A vanguard abstract Modernist and Boston native, Bloom is celebrated in a new MFA retrospective


I went to see the Hyman Bloom exhibit at the MFA and I was totally surprised and delighted.  Bloom took Egon Schiele’s tentative strokes of the purpling bruise-and-scuff of the body, the reddening imperfections around the knees and under the eyes, and infuses it with violent lime green slashes and amoebic rings of pale blue.  The result is at turns nauseating, violent, splendid, lush, and always utterly human.

Hyman Bloom (1913-2009) was born in Russian-occupied Latvia and emigrated to Boston with his family in 1920.  He grew up in the West End, where he planned to become a rabbi, but eventually wound up studying at the Museum of Fine Arts.  In the ’40s and ’50s he developed some critical notoriety, with institutional interest coming from places like MoMA and The Whitney.  Though critical response was warm, part of Bloom’s legacy is his rejection of fame.  He objected when Jackson Pollock referred to him as “America’s first abstract expressionist,” and though he sponsored and mentored other artists around Boston, he spent the latter part of his life creating art in Nashua, NH, where lived until he was 96.

In Bloom’s more abstract sketchwork, he seems to start with the gestural form of, say, a sleeping woman, and then covers her with another form of her lying with arms outstretched, and then he’ll draw a beetle on her back, and then he’ll draw her sleeping again in thicker, more definitive lines.  Bloom’s finished product, whether done in oil or pencil, forces the eye to summarize the form as if it were regarding a time-lapse photo. Motion is everywhere; the subjects stretch, shiver, beckon, and contract.

Hyman Bloom’s “Fish.” 1953.  (Courtesy of J.Cook)

Bloom’s most well-known period favors the grotesque, painting only cadavers and abattoir fodder in thick, oily strokes.  His fascination with the sterility of death holds a juvenile excitement to it, and his paintings reflect a mad urge to reanimate dead flesh with color and vibrance. They give the viewer pause.

Hyman Bloom’s “Butchered Animal.” 1953. (Courtesy of BlouinArtInfo)

He reaches his zenith when he incorporates the multi-form process into his studies of cadavers.  I was struck by a full-size portrait of a dead woman situated next to one of a man. The woman is naked except for a hospital; headscarf, her corpse covered in amoebic ringworm spots, a sickly glow cast about her.  The man is a violent clash of oranges, purples and greens–all uneasy hues to see on the human body. Both forms depict the nature of the death: sickness for the woman, and blunt trauma, or perhaps drowning, for the man.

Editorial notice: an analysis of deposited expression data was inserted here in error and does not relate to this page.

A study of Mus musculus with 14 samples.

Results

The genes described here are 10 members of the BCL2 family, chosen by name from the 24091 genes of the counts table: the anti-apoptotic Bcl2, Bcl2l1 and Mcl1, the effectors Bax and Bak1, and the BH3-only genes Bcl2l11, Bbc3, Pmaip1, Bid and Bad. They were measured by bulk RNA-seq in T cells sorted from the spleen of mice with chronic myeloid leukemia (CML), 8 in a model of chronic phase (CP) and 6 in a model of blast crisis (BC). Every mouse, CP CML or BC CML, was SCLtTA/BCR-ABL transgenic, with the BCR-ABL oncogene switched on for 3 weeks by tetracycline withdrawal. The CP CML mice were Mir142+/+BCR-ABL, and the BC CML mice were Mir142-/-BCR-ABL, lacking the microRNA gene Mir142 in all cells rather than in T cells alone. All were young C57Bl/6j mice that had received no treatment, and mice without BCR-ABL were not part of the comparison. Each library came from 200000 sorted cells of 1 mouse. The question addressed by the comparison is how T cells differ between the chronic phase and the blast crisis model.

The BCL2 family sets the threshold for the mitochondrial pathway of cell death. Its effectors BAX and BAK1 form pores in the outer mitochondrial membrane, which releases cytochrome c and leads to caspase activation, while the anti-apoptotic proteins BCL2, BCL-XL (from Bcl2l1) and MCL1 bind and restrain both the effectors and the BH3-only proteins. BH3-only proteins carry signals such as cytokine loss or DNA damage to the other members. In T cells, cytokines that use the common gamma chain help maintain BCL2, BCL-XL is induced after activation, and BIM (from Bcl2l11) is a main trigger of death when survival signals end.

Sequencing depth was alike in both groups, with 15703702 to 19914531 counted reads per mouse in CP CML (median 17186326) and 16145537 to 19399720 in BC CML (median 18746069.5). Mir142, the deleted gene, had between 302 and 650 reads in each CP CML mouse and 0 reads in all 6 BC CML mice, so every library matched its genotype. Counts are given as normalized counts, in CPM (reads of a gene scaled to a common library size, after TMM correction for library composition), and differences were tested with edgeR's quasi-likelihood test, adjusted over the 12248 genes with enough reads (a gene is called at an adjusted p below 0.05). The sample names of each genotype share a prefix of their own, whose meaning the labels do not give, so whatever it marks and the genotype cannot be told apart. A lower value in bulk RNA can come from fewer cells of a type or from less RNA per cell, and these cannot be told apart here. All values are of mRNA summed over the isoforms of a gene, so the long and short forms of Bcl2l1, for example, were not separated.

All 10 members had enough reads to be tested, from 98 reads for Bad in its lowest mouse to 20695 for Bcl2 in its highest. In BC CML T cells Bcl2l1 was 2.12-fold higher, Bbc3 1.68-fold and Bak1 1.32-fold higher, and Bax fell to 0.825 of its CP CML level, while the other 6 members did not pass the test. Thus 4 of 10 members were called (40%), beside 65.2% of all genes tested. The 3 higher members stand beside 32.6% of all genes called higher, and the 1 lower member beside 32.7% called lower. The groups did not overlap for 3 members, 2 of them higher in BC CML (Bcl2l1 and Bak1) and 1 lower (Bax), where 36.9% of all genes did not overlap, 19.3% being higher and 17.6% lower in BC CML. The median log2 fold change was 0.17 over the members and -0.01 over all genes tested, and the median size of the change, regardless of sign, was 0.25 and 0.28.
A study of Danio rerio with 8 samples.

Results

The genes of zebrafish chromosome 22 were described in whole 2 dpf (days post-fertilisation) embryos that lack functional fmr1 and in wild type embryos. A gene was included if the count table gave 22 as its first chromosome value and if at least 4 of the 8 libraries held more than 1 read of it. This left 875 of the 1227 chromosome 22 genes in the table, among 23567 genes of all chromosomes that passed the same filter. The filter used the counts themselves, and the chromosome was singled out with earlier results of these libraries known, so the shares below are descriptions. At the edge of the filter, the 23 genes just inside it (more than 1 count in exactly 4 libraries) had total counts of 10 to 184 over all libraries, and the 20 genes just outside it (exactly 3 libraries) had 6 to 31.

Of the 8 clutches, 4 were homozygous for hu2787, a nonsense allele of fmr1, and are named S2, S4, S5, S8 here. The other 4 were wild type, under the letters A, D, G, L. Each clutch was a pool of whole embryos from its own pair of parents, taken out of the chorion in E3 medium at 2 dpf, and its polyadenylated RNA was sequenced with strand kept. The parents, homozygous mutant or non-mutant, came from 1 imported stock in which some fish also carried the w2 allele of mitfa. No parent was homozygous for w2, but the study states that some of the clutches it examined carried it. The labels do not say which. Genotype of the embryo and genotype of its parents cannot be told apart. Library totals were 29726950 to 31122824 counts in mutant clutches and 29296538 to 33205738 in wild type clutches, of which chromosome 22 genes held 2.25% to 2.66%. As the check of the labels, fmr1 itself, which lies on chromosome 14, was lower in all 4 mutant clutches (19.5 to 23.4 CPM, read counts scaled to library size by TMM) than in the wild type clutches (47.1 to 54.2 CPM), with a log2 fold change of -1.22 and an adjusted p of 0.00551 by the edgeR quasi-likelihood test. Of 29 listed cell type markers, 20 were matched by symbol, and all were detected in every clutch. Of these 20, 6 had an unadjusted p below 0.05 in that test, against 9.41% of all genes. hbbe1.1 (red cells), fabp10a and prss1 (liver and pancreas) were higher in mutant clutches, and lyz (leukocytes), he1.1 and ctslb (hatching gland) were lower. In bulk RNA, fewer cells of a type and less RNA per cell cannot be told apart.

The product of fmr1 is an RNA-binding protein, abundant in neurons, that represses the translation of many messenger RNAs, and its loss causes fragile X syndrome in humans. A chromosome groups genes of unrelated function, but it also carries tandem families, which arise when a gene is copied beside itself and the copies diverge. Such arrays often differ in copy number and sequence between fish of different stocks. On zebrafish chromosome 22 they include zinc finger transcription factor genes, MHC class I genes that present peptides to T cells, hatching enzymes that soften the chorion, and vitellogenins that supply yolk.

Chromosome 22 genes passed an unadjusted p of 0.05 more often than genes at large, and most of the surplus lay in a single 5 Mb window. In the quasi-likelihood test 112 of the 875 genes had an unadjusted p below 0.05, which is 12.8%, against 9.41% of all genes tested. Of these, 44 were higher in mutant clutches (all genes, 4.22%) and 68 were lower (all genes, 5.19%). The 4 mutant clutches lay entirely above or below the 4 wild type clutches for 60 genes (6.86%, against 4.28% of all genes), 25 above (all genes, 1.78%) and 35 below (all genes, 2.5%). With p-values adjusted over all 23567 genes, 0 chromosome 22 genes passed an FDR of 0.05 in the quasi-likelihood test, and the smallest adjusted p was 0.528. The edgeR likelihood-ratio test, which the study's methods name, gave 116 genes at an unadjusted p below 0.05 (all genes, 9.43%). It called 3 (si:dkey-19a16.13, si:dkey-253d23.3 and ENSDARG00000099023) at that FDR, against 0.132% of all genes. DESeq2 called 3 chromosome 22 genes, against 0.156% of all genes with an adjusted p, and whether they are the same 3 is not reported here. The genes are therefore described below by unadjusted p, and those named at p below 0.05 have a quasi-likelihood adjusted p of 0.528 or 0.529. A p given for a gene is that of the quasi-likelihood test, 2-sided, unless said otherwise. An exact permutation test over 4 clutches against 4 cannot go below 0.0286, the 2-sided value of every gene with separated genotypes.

Instead of being portrayed as slabs of flesh, a head hung back in stifled anguish or a chest cavity open and taunting, Bloom forces the viewer to consider the biography of the corpse.  While the forms are fixed, unlike in Bloom’s sketches, the colors clamor with each other, creating a narration of living, aging, and decaying skin. They’re as dead as the cadaver studies, but their humanity is considered.  Bloom is not necessarily tender with these two subjects, nor is he defiant. But, undeniably, he has lent these discarded forms some care and consideration. It’s hard not to be touched.

 

Hyman Bloom’s “Female Corpse, Front View.” 1945. (Courtesy of Courtesy Stella Bloom Trust/Museum of Fine Arts, Boston)

Bloom was described by Time Magazine as conducting “a hermit-like existence in a Boston slum” during the height of his fame, and while the postwar abstract movement flourished in New York, Bloom chose to stay in our city, and was thus left out of history’s pantheon of brand-name abstract artists.  Yet at the MFA, Bloom’s work persists as a kaleidoscopic time capsule, and it’s hard not to feel a sense of poignancy when walking through each room.  Bloom is Boston’s boy, an immigrant’s son, a man of introspective and solitary inclinations, a heretofore-undiscovered treasure, and a master of intense, methodical chaos.  In the end, it becomes clear that his lack of wholehearted participation in any aesthetic”wave” has lent him the clarity of purpose to create tender, striking, violent, and beautiful work.